April 23, 2008
Count the Pits
image by Pete Lawrence
Do you see a line of small craters? Enough people have that this 210 km long alignment has received the designation of Catena Abulfeda, named for the large flat-floored crater at upper left. Catena is the Latin word for "chain" and there is an impression of a chain, but with some broken or missing links. I don't know who first pointed out this feature but when it came to attention it was interpreted as a splendid example of a fault-controlled line of volcanic pits. And if these aligned pits were volcanic, why weren't all the other similar ones that occurred individually? Even scientists who accepted the evidence that most lunar craters formed by impact capitulated for a volcanic origin for these. But they were wrong. The solution didn't come easy. Lines of secondary craters became well known with the high resolution imagery from Lunar Orbiter and Apollo, but the Abulfeda Chain wasn't radial to any obvious large and young primary crater. Finally, in 1994 the breakup of Comet Shoemaker-Levy 9 and the rat-a-tat-tat machine gun-like cratering of Jupiter's atmosphere by its pieces exposed us to a previously unknown phenomenon. Soon, a model of sheared comets was developed to explain the long crater chains on Jupiter's moons Ganymede and Callisto. And then the model was applied to the Moon, with close passage of a hapless comet near the Earth shredding it into pieces that collided with the Moon. The prime example is the Davy Crater Chain, but this longer and narrower one is also a prime candidate.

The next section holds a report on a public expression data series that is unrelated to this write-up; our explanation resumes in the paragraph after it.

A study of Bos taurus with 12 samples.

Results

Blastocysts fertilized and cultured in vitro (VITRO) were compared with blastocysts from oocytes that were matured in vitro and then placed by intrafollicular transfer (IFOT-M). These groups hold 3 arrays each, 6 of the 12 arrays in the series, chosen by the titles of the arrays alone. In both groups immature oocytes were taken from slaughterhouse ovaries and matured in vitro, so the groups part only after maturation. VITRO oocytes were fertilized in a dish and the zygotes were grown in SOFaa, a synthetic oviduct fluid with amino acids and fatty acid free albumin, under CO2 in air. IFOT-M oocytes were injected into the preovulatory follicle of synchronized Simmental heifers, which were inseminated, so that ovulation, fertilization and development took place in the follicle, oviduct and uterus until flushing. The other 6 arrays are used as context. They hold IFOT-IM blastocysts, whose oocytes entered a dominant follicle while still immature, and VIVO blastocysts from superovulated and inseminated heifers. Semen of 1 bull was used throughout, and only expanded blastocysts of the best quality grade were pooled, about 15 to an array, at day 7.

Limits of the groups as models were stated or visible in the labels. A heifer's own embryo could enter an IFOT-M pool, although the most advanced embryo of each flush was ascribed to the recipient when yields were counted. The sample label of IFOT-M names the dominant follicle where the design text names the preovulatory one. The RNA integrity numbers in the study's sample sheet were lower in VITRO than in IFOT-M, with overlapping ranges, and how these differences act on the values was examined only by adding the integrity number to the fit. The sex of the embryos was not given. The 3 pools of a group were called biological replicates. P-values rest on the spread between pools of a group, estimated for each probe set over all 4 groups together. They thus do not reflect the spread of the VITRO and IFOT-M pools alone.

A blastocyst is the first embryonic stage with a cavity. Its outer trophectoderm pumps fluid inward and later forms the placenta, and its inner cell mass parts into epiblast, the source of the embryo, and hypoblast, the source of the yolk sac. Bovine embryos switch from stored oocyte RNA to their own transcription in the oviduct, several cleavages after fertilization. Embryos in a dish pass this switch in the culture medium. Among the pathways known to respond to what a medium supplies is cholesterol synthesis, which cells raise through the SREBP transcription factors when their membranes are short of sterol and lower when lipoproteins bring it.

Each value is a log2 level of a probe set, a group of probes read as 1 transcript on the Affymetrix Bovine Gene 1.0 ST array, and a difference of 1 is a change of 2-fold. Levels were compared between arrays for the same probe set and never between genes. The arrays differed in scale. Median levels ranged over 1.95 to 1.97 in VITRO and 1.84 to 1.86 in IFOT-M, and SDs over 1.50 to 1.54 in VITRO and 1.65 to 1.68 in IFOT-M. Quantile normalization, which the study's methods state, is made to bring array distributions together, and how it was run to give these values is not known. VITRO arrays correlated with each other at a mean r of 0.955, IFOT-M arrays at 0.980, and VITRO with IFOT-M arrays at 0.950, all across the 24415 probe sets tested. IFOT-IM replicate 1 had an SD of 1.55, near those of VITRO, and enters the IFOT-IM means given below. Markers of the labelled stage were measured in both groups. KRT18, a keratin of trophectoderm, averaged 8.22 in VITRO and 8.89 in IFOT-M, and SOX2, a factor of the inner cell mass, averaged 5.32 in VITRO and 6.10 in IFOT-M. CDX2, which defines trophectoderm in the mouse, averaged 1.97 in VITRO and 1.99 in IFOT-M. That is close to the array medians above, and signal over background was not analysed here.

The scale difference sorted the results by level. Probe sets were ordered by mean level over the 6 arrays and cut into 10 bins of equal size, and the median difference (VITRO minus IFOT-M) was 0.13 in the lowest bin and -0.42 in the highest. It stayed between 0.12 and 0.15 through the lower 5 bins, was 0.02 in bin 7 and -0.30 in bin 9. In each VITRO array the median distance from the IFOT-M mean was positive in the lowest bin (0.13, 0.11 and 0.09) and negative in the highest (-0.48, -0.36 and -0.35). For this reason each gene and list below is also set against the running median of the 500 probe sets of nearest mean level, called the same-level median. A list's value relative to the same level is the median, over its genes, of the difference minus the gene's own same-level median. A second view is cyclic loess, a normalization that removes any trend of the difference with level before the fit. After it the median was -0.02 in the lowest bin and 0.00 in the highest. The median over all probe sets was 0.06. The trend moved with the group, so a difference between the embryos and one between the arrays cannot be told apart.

Rükl plates 56 & 57
H.J. Melosh and E.A. Whitaker (1994) Crater Chains on the Moon: Records of Comets Split by the Earth's Tides? Lunar & Planetary Science Conference abstracts 25 p 893
R.W. Wichman and C.A. Wood (1995) The Davy Crater Chain: Implications for tidal disruption in the Earth-Moon system and elsewhere. Geophysical Research Letters 22, p. 583-586.
Yesterday's LPOD: Shifting Orb
Tomorrow's LPOD: Mee Three
1) I got a call from an old friend who says that we really don't know what formed this chain - the shredded comet idea is only a hypothesis, there is no evidence to prove it happened. He, even older than me (and wiser, he'd claim), clings to the idea that this is a volcanic pit chain. Again, there is no particular evidence that it is, but it is circumstantially unsupported by the observation that the only linear volcanic chains we recognize are like the Hyginus Rille - rimless collapse pits. The Abulfeda pits look like somewhat eroded, rimmed impact pits.